Michael Coveney: Here's Johnny, at last...and a new FestenDate: 16 October 2012
The French Elvis, Johnny Hallyday, aged 69, made his London concert debut last night at the Albert Hall, and 50 million Frenchmen can't be wrong (as Sophie Tucker once sang): half a million of them live in our capital city and a good proportion of those acclaimed their one and only rock god with a fervour that even Johnny's great mate Rod Stewart might have found a little excessive.
But what a show: Johnny, the black leather Lothario, the only man in the world who's had as many women as facelifts, emerged in a Gothic inferno of blazing skyscrapers and comic book graphics to deliver an impeccable two-hour set of classic rock and roll and throbbing architectural anthems, backed by three black female singers and a fabulous tight band with lots of brass.
He may look a bit weird - James Dean has morphed into Bruce Springsteen with a Barry Manilow bouffant - but his vocal powers are completely unimpaired, despite all the operations, tax scandals, high (as a kite) living and cancer rumours that have maintained his legendary status as a one-man soap opera in the French magazines for 50 years.
He's sold 110 million records, made 17 films and was most famously married to fellow pop idol Sylvie Vartan, later having a long affair with film star Nathalie Baye in between marrying two other women (one of them twice) and settling down finally, sort of, 15 years ago, with Laetitia Boudou, 30 years his junior.
You'd have thought he'd come across as a bit tacky and shop-soiled, but not a bit of it: he has charm and personality to burn, and these qualities are best displayed in the songs I much preferred, the lachrymose Gallic anthems that are his absolute trademark - "Ma guele" (that means my mouth, not my girl), "Ne m'oublie," and, especially, "Que je t'aime." These songs are a bit Jacques Brel-ish, but they also point the way towards the best theatrical items in Les Miserables.
It's an amazing quirk that, although Hallyday is revered in the French-speaking countries, he has never cracked the American or British markets, despite his renown in the industry. Jimi Hendrix was at one stage his support act (he repaid the compliment last night with a terrific version of "Hey Joe"), and he once jammed with the Rolling Stones. And he nodded towards a fellow oldie balladeer, Tom Jones, in duetting with one of his singers, the wonderful Amy Keys, on "I Who Have Nothing."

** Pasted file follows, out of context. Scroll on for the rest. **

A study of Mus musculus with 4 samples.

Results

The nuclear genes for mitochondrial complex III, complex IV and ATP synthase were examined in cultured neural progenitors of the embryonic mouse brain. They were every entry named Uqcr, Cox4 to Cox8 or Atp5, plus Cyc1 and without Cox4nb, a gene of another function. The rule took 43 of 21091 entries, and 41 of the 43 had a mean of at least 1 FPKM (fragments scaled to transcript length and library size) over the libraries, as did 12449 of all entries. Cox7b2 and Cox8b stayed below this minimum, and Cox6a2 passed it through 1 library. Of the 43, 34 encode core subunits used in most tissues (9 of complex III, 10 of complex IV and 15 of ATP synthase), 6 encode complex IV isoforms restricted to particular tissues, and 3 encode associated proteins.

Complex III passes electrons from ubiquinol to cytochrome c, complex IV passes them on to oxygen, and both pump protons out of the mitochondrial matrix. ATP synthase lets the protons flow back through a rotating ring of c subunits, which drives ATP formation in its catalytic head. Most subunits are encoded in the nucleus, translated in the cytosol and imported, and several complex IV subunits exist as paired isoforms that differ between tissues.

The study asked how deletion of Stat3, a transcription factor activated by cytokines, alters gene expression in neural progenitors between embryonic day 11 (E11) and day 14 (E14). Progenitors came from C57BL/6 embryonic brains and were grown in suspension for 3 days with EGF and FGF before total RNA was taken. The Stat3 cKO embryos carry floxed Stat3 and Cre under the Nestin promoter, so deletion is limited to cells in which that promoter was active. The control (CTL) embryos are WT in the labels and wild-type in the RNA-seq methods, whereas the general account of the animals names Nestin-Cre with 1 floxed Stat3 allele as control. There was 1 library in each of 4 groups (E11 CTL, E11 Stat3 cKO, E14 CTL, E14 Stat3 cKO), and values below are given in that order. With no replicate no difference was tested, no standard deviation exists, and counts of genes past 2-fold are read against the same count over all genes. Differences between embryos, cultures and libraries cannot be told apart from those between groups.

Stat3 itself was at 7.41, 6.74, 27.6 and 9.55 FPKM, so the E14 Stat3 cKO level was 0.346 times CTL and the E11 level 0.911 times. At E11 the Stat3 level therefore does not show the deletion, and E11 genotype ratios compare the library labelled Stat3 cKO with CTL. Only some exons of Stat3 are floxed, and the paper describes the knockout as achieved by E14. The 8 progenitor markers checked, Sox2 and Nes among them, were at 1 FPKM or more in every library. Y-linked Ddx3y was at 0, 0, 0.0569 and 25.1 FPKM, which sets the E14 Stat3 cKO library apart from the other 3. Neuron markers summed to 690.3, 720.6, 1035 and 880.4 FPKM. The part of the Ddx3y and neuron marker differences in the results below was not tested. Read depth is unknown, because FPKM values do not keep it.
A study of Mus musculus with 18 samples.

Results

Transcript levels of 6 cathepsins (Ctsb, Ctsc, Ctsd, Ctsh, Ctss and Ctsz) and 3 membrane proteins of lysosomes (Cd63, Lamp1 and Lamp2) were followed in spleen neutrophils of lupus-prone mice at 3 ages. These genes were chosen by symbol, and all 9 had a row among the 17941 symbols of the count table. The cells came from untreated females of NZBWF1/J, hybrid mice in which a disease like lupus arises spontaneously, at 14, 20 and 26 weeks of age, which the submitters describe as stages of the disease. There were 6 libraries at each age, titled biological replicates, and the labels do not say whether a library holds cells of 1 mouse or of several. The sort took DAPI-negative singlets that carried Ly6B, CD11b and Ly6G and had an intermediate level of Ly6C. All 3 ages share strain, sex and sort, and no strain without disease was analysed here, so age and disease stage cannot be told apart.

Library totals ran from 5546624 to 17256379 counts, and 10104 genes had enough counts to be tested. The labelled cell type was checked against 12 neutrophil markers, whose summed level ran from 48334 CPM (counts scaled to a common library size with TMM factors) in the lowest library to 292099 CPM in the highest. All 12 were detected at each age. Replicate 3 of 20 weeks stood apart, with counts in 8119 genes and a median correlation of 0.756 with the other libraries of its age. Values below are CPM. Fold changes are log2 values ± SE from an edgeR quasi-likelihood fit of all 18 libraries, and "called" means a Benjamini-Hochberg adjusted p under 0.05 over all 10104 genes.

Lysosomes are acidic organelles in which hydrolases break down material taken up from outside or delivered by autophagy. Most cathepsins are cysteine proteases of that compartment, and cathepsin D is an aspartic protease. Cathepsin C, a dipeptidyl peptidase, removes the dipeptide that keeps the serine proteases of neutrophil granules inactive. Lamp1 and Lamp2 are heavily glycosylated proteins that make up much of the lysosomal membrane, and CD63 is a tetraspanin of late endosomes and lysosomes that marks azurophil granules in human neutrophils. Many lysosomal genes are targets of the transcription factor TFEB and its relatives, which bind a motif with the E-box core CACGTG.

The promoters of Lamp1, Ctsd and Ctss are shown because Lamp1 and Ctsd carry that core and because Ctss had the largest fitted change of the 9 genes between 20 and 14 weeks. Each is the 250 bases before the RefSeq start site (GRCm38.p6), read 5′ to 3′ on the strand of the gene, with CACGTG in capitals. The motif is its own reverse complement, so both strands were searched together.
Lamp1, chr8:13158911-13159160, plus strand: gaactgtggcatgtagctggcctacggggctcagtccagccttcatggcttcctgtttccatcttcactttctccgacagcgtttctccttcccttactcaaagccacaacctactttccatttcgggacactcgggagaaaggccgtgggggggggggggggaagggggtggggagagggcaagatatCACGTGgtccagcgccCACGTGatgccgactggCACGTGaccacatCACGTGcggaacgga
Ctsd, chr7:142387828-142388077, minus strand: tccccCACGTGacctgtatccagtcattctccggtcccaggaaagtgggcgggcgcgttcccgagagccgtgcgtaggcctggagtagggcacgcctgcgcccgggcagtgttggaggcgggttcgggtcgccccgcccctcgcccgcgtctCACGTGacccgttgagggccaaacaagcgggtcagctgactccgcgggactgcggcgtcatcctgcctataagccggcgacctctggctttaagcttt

And that was about his only concession to being in London. So why did I go? Partly out of curiosity, partly because my taller and better half has been obsessed by the fellow - and indeed Francoise Hardy - from a very early age. There is something about even bubblegum pop music in French that is unique and seductive, and once you realise how much you like Johnny Hallyday after all, you can start thinking once more about Serge Gainsborough, Jane Birkin and indeed the gorgeous Patricia Kaas (who is coming here soon).
There may be nothing too natural-looking about vampiric Johnny, though he's the sweetest little kid next door compared to members of the small Danish community who lock their doors against a suspected paedophile in the stunning new film, The Hunt, from Thomas Vinterburg, whose Festen became a hit play on the West End stage.
You can easily imagine a theatrical version of The Hunt, but of course once you know what it's about - which I didn't when I went to see it at a London Film Festival screening yesterday afternoon - its impact will be diminished. Festen made the name, really, of Rufus Norris, the stage director - whose debut feature film, Broken, is also in the LFF this year - but the play was never a patch on the movie.
The Hunt couldn't be better, or more excruciatingly, timed, as hysteria mounts over the child abuse allegations surrounding the late Jimmy Savile, a disc jockey who is said to have used his charitable work in hospitals as a shield to exploitative sexual behaviour.
The film shows brilliantly how difficult it is to establish the verity of evidence, especially children's evidence, and how quickly the bush fire burns once the seeds of doubt are planted. In one of the most remarkable and controlled film performances you'll ever see, Mads Mikkelson plays a heterosexual kindergarten teacher whose sanity is breached and his life ruined when he gets caught up in a community's suspicions.
The film is a witch hunt on a par with Arthur Miller's masterpiece of sexual and political hysteria, The Crucible, and will become, I'm sure, just as fulsomely acclaimed and widely discussed a work of art as that great play. Mind you, as I know to my cost, you can never have any rational sort of discussion about sex and children, which remains an area of absolute taboo, probably correctly. But I still worry about the rampant righteousness over Jimmy Savile, especially as he's so thoroughly dead.
The great thing about The Hunt is that the film does contain a redemption of sorts, and lessons in charity. And I won't be the first, or last, to observe the uncanny, accidental physical and facial likeness of Mads Mikkelson to Chris Langham, the brilliant actor and writer, whose career has been destroyed by an aghast and righteous media (including the cowardly BBC) despite having been cleared of all charges of being a paedophile, and having served his punishment for "the mistake" of downloading child pornography.